Nagoya is not boring and that is true – it is a wonderful city full of history and interesting places, both historical and modern.
I visited it during my last trip and explored it with the guidance of the team from Nagoya is not boring. Let me tell you what it was like.
Nagoya is one of the largest cities in Japan, located roughly in the middle of the island of Honshu, Japan’s largest island. It’s an essential stop on any traveler’s trip from Tokyo to the Kansai area and over the years has been important in Japan’s economy and transport.
But despite all of that, many tourists often skip Nagoya since they find it less interesting than many other places, such as Kyoto. However, I’m happy to tell you that there is much to do and see here and you definitely will not be disappointed.
During my time in the city, I explored several interesting spots. First off was the Nagoya Station, which is the tallest train station in the world and the largest by floor area.
The area around the station is really interesting, with many modern high-rise buildings full of shopping centers and restaurants. It’s a real beating heart of Nagoya and a great place to relax.
Nagoya is a great place for fans of science and industry. Here you’ll find the Nagoya City Science Museum, a unique-looking museum with an iconic sphere architecture which is considered one of the top science museums in Japan and definitely worth a visit for anyone who is interested in that field.
For train fans, there is the interesting SCMaglev and Railway Park, while fans of other industries can visit the Toyota Commemorative Museum of Industry and Technology.
If you’re up for something more historical, there is the famous Nagoya Castle, one of the largest castles in Japan that boasts large moats and thick walls with green areas all around it.
Interesting spots from a historical standpoint also include the Atsuta Shrine, a sanctuary said to hold the legendary Kusanagi no Tsurugi sword, one of the most important objects of imperial regalia in Japan. If you’re interested in sea creatures, there is the Port of Nagoya Public Aquarium, one of the largest aquariums in Japan.
One more thing that makes Nagoya very famous is its unique food. That is why I met with Lena from Nagoya is not boring. She hosts very interesting tours around Nagoya, one of which is the Street Food Walking Tour of Osu. We met at the famous Osu Kannon, a temple in the Osu area of Nagoya. She explained that this part of Nagoya is one of the most popular and trendy areas.
This neighborhood was always a place many shops and restaurants were located even hundreds of years before. Today, there are still some shops that have been open for over 100 years. It is a truly great place that you should definitely visit. Over the years it has changed but still retains its charm.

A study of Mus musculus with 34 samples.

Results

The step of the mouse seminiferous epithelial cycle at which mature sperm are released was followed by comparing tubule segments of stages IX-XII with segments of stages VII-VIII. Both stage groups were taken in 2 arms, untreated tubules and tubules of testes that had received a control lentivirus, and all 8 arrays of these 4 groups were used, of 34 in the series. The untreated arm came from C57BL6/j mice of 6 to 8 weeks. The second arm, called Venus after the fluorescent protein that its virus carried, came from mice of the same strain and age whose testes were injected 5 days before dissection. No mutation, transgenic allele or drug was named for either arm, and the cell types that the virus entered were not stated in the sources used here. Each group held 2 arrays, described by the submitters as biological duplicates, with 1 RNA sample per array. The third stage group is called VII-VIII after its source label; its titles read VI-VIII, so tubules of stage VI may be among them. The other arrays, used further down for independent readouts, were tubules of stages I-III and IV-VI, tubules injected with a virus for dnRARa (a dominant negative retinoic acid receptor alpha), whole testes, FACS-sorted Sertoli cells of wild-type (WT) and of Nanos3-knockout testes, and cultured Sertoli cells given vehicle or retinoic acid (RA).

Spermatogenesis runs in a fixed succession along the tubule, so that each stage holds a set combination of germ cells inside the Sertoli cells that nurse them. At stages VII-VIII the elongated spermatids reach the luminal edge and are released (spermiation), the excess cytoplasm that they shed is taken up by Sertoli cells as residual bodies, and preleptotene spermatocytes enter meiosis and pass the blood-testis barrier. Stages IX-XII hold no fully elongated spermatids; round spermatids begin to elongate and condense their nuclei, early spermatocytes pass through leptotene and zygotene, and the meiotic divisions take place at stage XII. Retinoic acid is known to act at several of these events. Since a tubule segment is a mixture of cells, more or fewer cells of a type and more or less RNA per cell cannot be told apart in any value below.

She took me on a trip to see many interesting spots throughout Osu. For example, we visited one ring which is used by sumo wrestlers to practice their sumo fights.
She also showed me popular local temples and many interesting shops. We also stopped by a modern, high-tech Buddhist temple which included many light decorations, a statue of a huge dragon, and large screens on the walls. That was really interesting to see. I also tried drawing a fortune slip and I was lucky! I got the second-best fortune!
And during the tour, we got to try several different local specialties. First up was something called Gohei Mochi, which, unlike regular mochi which is made from rice flower, is made of rice itself.
Rice is placed on a stick and dipped in miso-based sauce. We tried two types one with walnut-based miso and the other is Nagoya’s characteristic red miso. They were really nice.
Next, we tried traditional Japanese sweets, which come in several different colors and are neatly packed in a box. They originated from Nagoya and became famous throughout Japan when the Shinkansen trains started passing through Nagoya.
Next up on our trip was a restaurant known for preparing shrimp and prawn mayonnaise sandwiches – a local specialty since Nagoya is one of the most important producing of this type of seafood in Japan.
Aichi Prefecture, the prefecture where Nagoya is located, even has the highest consumption of shrimp and prawns in Japan, so you know they are real experts when it comes to this. This sandwich was absolutely delicious – definitely my favorite meal I had during that part of my trip!
It was really interesting learning about all the different types of foods that are known in Nagoya and learning about many interesting things about Osu. Lena did a really good job of explaining everything and answering all of my questions.
This is a really great tour for someone who both wants to explore a bit and learn about this part of Nagoya and who wants to try their different types of food. If this is something that you would like to try yourself, make sure to check out the Nagoya is not boring website.